Rationing is often associated with the Second World War but, like so many other things, its roots lie in the First World War. In 1914, the UK produced a lot of its own food and resources, supplemented by imported food and other basic goods.  Once the war had begun, many of the sources of those necessities were threatened. 

As men who traditionally worked in agriculture and rural industries joined the Armed Forces, women stepped forward to work on the land. However, the lack of horses, many of which had been requisitioned and sent off to war, meant that some of the essential heavy work, such as pulling ploughs, was very difficult, resulting in slower output. Access to fertilizers was also restricted putting even more pressure on home grown produce. 

 

The German Navy threatened supplies reaching the UK from the British Empire and other regions, although their blockade had limited effect even after the German U-Boats resumed unrestricted activities. Some trading partners were no longer friends. Sugar cane came to the UK from the Caribbean but sugar beet was mainly imported from Austria. The result, not surprisingly, was that sugar shortages occurred very early in the war. 

Eventually, people began to be affected by shortages of many goods; foodstuffs, textiles and machinery. As food prices rose across the country, people started to hoard products and fill their larders. Shop owners began to limit the quantities that could be bought to stop individuals and the wealthy taking an unfair share of the goods. Long queues became a regular feature of everyday life.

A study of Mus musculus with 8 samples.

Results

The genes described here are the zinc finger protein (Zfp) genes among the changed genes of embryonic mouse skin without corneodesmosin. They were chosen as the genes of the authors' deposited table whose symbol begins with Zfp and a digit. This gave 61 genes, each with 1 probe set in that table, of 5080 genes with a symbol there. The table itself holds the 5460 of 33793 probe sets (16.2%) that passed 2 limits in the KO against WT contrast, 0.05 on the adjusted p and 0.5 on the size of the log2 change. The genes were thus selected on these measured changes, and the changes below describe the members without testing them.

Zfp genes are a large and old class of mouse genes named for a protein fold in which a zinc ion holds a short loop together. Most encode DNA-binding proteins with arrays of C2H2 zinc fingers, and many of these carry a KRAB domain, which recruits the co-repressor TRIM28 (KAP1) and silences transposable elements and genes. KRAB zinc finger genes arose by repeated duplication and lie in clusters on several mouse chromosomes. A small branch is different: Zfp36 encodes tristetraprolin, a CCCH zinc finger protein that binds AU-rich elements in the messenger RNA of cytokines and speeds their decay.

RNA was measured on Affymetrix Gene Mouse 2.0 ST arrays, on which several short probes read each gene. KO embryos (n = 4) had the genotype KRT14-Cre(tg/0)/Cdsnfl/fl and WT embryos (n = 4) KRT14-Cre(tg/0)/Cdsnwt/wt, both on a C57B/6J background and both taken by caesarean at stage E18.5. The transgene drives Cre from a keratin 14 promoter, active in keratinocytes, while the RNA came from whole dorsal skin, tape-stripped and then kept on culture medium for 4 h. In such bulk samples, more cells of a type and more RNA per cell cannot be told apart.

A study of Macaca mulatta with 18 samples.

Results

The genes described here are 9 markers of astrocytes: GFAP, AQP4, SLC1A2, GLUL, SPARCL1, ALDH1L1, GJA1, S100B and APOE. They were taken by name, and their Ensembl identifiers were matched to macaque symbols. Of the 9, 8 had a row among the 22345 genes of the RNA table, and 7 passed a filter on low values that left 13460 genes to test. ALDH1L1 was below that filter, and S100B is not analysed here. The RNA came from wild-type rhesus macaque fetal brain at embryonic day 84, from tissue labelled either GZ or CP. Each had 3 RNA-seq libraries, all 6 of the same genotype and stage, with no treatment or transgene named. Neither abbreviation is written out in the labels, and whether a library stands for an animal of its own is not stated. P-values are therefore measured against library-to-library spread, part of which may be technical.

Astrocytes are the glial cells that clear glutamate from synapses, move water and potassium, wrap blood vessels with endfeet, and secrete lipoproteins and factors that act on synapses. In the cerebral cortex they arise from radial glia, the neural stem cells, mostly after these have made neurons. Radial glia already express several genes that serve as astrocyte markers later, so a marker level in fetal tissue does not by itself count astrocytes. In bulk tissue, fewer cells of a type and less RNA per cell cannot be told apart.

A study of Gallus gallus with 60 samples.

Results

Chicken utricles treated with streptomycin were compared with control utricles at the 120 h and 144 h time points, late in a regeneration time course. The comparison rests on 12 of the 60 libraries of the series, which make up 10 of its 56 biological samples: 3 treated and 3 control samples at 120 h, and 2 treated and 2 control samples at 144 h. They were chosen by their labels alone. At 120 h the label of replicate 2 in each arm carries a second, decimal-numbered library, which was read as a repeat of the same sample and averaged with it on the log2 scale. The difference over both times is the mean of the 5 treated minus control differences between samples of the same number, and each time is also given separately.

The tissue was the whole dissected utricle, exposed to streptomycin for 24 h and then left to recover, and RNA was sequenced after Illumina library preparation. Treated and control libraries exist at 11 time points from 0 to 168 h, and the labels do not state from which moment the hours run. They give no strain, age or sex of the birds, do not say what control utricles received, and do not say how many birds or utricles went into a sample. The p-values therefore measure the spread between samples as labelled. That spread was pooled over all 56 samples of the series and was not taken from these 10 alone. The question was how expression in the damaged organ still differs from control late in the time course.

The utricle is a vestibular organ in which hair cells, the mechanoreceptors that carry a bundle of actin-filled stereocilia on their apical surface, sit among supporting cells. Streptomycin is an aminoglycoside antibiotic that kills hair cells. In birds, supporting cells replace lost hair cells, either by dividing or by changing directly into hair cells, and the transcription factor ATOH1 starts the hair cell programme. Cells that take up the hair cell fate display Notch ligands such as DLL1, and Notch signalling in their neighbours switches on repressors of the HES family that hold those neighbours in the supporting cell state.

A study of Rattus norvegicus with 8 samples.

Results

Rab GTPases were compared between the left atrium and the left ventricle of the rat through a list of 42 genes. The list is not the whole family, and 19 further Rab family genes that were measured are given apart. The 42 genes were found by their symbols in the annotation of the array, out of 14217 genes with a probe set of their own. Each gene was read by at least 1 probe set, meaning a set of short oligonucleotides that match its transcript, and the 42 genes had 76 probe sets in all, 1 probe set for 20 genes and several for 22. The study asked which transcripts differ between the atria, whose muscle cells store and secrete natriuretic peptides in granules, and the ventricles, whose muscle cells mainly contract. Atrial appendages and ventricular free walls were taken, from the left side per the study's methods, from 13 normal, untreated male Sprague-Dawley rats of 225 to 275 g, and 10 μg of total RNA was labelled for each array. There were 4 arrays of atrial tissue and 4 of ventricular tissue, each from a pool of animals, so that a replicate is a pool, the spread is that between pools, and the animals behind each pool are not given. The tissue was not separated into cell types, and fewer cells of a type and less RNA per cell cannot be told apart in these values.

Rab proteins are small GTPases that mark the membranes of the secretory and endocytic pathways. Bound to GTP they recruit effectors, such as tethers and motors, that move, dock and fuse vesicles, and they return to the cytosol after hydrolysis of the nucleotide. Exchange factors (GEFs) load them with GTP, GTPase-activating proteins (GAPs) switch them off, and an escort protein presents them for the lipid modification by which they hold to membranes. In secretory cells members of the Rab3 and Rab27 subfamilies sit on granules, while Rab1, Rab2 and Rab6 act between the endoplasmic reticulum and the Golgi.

Government campaigns encouraged the British public to consider what they cooked and not to waste food.  People who had gardens started to grow their own vegetables and fruit.. Recycling and repair of clothes and household items became a way of life. It is worth remembering that many people did not have a great number of possessions and buying second hand or using ‘hand me downs’ was already the norm.

DORA (Defence of the Realm Act) introduced food standards and usage regulations to ensure that shortages did not lead to a far-reaching crisis and that staple goods such as bread were not produced at substandard quality. Most importantly, the authorities acted to ensure that food supplies continued to reach those at the Front and in the military.

By 1918, the Government decided to introduce formal rationing. Everyone was issued with a Ration Book including the King and Queen. Sugar, butter and margarine, bread and meat were all rationed. Fruit and vegetables were not restricted, but prices limited the amount people could purchase, especially in the urban areas. Some basic food prices were regulated with fines for anyone who tried to charge more.  After the war, some goods remained scarce and butter continued to be rationed until 1920.

The importance of ensuring that food and goods were evenly spread and distributed across the UK was a lesson understood and learnt. Subsequently, once the Second World War began, plans for rationing were drawn up straight away and introduced formally in 1940. 

Link to a ration card


 

Marcus Segal (1896-1917) wrote home to his parents while he was serving in France. In his letters he refers to the food packages that he was sent from his family from BarnetT's deli in Stanmore.